If you experience sneezing, coughing, and watery eyes during the spring or fall, then you may have allergic rhinitis, more commonly known as seasonal allergies or “hay fever.” Many misconceptions surround seasonal allergies, so learn more about these five allergy myths to understand this common condition better.
Myth #1: Moving to a new location gets rid of allergies.
You have probably heard this at least once, but it is not true. Tree pollen, grass pollen, weed pollen, and mold trigger seasonal allergies, and these exist everywhere in the country. Attempting to escape seasonal allergies in Little Rock by moving to the Arizona desert, for example, means you may react to new grasses and weeds and experience the same set of problems.
Moving is not likely to lower your risk of allergies. You would be better off speaking to a specialist at your local asthma and allergy clinic about treatment options than uprooting your life in Little Rock.
Myth #2: Eating local honey will ease allergy symptoms.
This sounds good, but it too is false. Consuming local honey does not help ward off your allergies.
The concept behind the honey theory is similar to that of immunotherapy. Local honey contains local pollen, and consuming it gradually exposes your body to the allergen, thus helping build your immunity. Although honey does indeed have local pollen, it is usually not from the types of plants to which people are allergic, meaning you are left with a tasty placebo.
Environmental allergens are caused by the pollen of trees, grasses, and ragweed. Bees, however, use pollen from flowers, which do not typically trigger allergy symptoms.
Immunotherapy (such as allergy shots) takes a much more targeted approach. Allergists expose you to the specific allergens that trigger your allergic reaction, and gradually increase your exposure to reduce your response to it. Contact our asthma and allergy clinic in Little Rock for more information about allergy shots.
Myth #3: You cannot develop allergies if you did not have them as a child.
Allergies come and go. If you experienced allergies as a child, then there is a small possibility you could outgrow it in adulthood. Likewise, you could develop seasonal allergies as an adult when you have never had them growing up.
If you move to a new location, for example, then you may be exposed to new allergens and develop allergies, and adult-onset allergies can occur at any age. When your body is exposed to something like pollen or mold, your body can mistake it as harmful. Then your body releases chemicals like histamines that cause allergy symptoms like a runny nose, itchy eyes, and coughing.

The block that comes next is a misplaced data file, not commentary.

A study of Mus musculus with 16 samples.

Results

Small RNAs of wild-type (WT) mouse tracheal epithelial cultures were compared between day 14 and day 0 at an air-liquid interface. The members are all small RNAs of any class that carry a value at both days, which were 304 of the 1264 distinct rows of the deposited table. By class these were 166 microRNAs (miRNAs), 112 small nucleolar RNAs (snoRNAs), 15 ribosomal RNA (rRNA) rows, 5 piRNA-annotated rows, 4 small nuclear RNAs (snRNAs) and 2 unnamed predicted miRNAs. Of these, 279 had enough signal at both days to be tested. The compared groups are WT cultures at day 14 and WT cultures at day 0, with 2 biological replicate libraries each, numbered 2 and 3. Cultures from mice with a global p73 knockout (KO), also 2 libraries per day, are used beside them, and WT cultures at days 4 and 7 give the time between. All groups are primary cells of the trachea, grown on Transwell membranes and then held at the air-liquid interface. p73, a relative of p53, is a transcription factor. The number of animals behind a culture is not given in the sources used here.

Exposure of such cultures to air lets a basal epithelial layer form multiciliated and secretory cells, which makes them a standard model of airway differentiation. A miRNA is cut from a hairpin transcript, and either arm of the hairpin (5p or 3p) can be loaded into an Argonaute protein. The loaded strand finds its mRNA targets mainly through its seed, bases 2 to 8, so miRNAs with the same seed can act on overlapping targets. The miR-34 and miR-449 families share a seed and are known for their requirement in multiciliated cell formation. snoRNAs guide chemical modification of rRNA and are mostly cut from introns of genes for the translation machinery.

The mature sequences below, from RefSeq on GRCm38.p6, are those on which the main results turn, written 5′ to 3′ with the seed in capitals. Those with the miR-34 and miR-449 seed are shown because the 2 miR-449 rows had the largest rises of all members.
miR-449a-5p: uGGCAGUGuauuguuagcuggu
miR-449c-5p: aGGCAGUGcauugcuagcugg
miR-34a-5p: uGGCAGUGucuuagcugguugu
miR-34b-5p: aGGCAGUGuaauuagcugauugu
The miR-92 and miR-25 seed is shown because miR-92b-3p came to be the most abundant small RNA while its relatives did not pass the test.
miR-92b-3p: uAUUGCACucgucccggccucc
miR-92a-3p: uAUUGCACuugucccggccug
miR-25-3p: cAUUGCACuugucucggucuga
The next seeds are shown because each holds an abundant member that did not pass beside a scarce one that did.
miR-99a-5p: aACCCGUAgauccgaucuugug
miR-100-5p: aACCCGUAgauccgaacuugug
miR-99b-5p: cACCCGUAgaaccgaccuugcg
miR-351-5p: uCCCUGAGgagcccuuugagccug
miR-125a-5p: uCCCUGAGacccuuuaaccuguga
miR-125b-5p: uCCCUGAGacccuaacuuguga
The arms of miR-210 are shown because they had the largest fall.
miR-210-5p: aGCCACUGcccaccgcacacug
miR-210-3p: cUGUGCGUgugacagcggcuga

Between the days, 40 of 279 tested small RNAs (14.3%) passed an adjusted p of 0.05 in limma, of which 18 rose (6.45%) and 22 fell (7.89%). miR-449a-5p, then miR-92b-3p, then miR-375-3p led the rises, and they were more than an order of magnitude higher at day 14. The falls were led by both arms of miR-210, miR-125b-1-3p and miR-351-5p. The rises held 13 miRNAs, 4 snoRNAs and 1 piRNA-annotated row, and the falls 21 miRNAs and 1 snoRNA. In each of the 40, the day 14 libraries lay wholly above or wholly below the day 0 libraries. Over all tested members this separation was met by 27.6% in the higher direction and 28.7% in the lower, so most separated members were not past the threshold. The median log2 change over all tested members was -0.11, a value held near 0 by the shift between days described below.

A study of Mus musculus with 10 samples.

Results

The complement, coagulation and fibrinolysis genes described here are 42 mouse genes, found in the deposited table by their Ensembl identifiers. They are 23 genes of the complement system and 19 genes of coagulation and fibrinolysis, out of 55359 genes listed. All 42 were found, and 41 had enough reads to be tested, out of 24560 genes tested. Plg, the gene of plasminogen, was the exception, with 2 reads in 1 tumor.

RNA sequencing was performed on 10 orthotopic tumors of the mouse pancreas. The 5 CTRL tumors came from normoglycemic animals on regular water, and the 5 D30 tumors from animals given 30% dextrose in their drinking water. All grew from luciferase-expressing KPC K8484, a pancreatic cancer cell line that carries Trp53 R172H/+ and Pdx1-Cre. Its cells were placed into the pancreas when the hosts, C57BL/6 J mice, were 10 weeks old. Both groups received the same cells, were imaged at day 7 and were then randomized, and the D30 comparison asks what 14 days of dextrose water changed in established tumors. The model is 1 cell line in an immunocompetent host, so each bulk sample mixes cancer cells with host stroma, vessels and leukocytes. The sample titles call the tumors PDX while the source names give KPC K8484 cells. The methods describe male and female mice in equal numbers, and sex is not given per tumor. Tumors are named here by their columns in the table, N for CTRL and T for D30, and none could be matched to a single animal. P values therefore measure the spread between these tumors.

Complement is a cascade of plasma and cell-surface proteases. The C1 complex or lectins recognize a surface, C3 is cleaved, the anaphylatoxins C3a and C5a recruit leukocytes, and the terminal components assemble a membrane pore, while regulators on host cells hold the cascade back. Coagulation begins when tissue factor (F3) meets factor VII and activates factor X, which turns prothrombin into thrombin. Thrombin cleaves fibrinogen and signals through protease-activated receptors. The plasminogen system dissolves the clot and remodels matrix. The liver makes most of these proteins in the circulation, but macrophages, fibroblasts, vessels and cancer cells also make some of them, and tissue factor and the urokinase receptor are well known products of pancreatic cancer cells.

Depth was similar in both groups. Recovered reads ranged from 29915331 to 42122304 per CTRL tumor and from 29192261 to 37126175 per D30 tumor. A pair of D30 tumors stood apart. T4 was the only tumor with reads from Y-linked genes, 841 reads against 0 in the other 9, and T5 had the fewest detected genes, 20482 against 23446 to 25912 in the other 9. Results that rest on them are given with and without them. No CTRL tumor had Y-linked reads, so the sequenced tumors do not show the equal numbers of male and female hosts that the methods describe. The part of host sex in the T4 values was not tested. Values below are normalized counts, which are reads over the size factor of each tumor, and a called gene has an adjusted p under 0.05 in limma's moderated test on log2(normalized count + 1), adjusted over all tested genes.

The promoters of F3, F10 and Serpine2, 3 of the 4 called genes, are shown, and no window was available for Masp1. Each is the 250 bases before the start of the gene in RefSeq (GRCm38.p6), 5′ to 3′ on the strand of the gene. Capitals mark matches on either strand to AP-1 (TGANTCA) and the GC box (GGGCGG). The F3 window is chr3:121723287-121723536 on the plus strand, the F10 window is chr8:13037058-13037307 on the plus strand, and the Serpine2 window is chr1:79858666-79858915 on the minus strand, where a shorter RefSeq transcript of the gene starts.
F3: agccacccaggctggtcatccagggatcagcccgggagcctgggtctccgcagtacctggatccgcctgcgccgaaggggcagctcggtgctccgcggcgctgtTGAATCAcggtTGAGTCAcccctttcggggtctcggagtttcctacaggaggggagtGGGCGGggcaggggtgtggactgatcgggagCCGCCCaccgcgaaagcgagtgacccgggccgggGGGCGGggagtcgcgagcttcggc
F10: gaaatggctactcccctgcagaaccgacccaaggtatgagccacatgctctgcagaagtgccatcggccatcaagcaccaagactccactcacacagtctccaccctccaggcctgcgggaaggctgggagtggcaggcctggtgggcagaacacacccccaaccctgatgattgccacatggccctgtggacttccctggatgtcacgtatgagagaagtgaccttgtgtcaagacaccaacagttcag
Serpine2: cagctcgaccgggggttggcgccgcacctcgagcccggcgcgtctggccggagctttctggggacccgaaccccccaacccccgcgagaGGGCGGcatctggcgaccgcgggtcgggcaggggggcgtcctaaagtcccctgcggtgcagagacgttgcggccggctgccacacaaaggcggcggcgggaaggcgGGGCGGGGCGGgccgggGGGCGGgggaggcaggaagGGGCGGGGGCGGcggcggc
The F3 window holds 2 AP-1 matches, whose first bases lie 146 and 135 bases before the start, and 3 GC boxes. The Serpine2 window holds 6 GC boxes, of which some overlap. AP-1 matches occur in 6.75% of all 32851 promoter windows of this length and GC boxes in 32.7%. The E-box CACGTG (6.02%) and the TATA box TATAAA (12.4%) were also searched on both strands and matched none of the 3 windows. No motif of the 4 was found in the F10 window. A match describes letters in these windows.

New allergy sufferers may benefit from over-the-counter allergy medications and trigger avoidance, but if they do not provide relief, then you should visit an allergy clinic. Allergists may recommend allergen immunotherapy, various medication options, and education about how to live with allergies.
Myth #4: Only take allergy medicine when you have symptoms.
Some allergy medicines work by stopping your immune system from producing chemicals that create allergy symptoms. They help reduce inflammation and can actually do better when taken over long periods. Beginning allergy medication about two weeks before allergy season starts is one way to fight the coming pollen storm.
We also recommend learning your specific allergy triggers. You can do this by visiting an allergy clinic and getting tested. Once you know your triggers, you can plan your allergy medication schedule around when those pollens bloom.
In addition to preemptively taking allergy medications, you may also want to follow other precautions such as avoiding going outdoors when it is dry and windy and avoiding outdoor activities in the morning when the pollen count is highest. Avoid outdoor activities that can exacerbate allergic reactions, such as mowing the lawn. If unavoidable, showering, and changing clothes immediately after yard work can reduce your pollen exposure.
Myth #5: Flowers trigger allergies.
Most individuals do not have allergic reactions to flower pollens. Some people may react to flowering trees, but cut flowers are not usually responsible for this. An appointment with an Arkansas Allergy and Asthma Clinic can identify your specific allergen triggers.
Although the pollen count does not suggest how you will feel on a particular day, it can be useful for telling you the prominent pollens in the air. By keeping note of the pollen counts, you can better understand what days are better for outdoor activity.